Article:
Tuesday, March 3, 2009
Not only have I veered away from my normal routine, making my actions "para" normal, I have gotten involved with a new group delving into the "real" paranormal. (Is that an oxymoron?) As a couple of us work to stabilize a fledgling group, I find myself immersed in articles, information, blogs, and banter.
From the age of 3, I have experienced interactions with the paranormal, but until more recent years, I have kept my recounts low-key. People already thought I was weird, so I saw no need to fuel the fire. With the onslaught of a myriad of television programs addressing "the other side," paranormal discussions have become more mainstream.
The change in society's barometer has me pondering a couple of points. Television is given far too much power in our lives, shaping societal attitudes and opinions. Rather than people gathering information and really analyzing data for themselves, they accept everything on television as-is. In some rarer cases, there are those on the opposite side of the spectrum denouncing everything on television.
Another point that bugs me is how, suddenly, there are paranormal "experts" that general followers assume are skilled and credentialed. Efforts to standardize paranormal investigation are great but in a field where there are no proven statistics, I should think that the game is still developing rules.
Theatrics, editing, eerie music, and over-zealous networks with big investments have set the tone for ghost hunting. Grocery store rag sheets take photos of stars with unusual expressions and apply totally irrelevant cut lines; the same is possible with clever television editing. In some cases, the shows are staged. Imagine that!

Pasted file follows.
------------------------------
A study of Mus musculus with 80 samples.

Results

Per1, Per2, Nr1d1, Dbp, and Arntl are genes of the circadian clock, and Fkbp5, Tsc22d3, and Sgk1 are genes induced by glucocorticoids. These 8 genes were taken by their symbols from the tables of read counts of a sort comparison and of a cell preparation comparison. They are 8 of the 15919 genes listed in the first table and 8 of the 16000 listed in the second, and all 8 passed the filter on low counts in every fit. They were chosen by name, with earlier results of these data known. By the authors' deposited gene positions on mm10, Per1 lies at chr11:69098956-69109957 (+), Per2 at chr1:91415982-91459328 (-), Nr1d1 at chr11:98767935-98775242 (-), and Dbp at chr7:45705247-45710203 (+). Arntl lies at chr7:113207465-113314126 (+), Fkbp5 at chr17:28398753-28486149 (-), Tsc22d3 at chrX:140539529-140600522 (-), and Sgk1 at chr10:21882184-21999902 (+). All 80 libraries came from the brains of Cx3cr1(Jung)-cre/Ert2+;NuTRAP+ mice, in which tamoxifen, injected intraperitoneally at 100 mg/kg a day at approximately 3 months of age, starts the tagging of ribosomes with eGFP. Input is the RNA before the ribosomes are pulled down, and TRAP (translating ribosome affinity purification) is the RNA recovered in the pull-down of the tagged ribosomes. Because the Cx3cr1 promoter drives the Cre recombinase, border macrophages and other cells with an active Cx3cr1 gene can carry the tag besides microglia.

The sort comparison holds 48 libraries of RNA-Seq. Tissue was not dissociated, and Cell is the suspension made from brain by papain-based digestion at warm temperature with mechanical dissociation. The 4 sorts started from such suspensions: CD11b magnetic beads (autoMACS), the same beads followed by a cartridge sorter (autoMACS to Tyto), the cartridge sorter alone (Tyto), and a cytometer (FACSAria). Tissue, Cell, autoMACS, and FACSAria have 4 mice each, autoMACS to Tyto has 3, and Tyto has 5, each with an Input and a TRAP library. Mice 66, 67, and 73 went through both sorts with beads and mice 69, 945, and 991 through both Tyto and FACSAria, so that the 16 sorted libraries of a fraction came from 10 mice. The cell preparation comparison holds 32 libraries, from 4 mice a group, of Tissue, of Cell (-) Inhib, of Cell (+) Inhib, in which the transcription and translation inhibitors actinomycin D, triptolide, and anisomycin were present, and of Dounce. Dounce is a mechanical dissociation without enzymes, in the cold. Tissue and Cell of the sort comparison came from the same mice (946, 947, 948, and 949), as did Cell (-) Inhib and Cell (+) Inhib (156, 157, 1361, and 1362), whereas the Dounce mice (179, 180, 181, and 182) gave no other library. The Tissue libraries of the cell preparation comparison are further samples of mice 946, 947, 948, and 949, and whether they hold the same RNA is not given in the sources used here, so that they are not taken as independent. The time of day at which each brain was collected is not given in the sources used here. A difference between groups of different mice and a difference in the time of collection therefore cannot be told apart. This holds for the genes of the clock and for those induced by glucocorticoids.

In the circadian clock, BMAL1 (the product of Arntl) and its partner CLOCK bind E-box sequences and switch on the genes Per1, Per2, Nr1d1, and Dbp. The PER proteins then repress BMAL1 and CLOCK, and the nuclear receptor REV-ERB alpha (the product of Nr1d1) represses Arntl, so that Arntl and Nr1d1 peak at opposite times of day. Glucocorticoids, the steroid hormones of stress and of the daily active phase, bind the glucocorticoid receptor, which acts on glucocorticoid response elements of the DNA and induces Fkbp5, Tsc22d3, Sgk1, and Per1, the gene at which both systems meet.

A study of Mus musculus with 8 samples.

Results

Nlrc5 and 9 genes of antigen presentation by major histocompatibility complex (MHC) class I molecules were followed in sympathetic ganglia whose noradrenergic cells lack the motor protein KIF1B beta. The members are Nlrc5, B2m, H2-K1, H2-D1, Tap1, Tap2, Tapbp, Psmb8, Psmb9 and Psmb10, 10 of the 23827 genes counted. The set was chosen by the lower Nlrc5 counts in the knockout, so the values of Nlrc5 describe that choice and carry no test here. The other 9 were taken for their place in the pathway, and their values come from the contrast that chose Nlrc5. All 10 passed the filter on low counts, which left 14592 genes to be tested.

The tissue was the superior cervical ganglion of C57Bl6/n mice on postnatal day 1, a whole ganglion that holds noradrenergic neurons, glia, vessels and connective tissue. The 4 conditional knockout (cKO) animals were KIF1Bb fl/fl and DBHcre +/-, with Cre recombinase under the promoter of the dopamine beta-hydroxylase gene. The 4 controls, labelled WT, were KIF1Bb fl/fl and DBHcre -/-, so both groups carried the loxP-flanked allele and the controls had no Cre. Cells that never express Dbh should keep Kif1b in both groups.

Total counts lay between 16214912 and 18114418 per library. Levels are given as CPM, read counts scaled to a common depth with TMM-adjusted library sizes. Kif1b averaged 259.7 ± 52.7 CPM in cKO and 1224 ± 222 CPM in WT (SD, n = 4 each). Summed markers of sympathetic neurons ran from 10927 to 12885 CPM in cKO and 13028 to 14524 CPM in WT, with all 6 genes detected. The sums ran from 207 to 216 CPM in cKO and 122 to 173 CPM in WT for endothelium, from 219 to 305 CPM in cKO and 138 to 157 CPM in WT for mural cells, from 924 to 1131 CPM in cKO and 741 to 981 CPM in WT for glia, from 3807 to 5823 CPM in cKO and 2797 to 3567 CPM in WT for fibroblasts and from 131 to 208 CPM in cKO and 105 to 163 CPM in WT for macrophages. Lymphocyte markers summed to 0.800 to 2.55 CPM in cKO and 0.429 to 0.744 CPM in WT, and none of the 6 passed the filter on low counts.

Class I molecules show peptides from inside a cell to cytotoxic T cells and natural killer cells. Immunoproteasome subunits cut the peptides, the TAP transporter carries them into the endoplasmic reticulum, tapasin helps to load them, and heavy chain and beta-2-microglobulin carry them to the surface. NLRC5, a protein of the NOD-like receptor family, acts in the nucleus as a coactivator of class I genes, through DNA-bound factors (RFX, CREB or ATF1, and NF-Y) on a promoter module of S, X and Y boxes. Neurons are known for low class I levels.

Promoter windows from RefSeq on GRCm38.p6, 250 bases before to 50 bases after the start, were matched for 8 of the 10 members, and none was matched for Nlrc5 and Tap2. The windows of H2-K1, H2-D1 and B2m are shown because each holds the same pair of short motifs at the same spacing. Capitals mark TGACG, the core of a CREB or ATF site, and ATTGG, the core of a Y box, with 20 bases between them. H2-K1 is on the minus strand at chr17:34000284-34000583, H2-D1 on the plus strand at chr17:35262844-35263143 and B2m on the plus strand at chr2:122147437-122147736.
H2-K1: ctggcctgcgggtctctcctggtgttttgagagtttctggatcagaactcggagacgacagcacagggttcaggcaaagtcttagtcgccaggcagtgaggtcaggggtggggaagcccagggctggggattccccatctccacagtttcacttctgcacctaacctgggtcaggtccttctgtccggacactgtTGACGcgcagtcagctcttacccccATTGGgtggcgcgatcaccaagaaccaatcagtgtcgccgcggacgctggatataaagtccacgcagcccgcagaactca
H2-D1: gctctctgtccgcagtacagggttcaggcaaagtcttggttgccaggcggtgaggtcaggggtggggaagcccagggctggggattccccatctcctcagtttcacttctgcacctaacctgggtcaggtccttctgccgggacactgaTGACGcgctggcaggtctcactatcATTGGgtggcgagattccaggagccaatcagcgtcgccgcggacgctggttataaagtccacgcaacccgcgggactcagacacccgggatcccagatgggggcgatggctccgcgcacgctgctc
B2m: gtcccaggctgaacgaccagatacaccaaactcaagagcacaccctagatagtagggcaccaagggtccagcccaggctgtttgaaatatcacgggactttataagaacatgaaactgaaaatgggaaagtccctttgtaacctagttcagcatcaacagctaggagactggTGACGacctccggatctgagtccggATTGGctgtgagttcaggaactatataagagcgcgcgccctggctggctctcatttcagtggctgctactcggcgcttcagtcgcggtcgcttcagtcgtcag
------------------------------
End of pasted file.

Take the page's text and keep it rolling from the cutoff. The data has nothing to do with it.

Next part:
Unfortunately all the drama created by media has created a sub-set of thrill-seekers rather than legitimate evidence-based investigators. The saying, "Do not meddle in the affairs of dragons, for you are crunchy and good with ketchup" is apropos to this situation. The inexperienced and unskilled are jumping into settings unprepared, stirring up activities that are best left alone. Ouija boards are bad - period. Yet there seems to be a resurgence in their use, and I even saw one in an advertisement about "finding the love of your life."
Looking for truth and evidence is honorable. Seeking cheap thrills by riding on the coattails of others - living or dead - is downright criminal.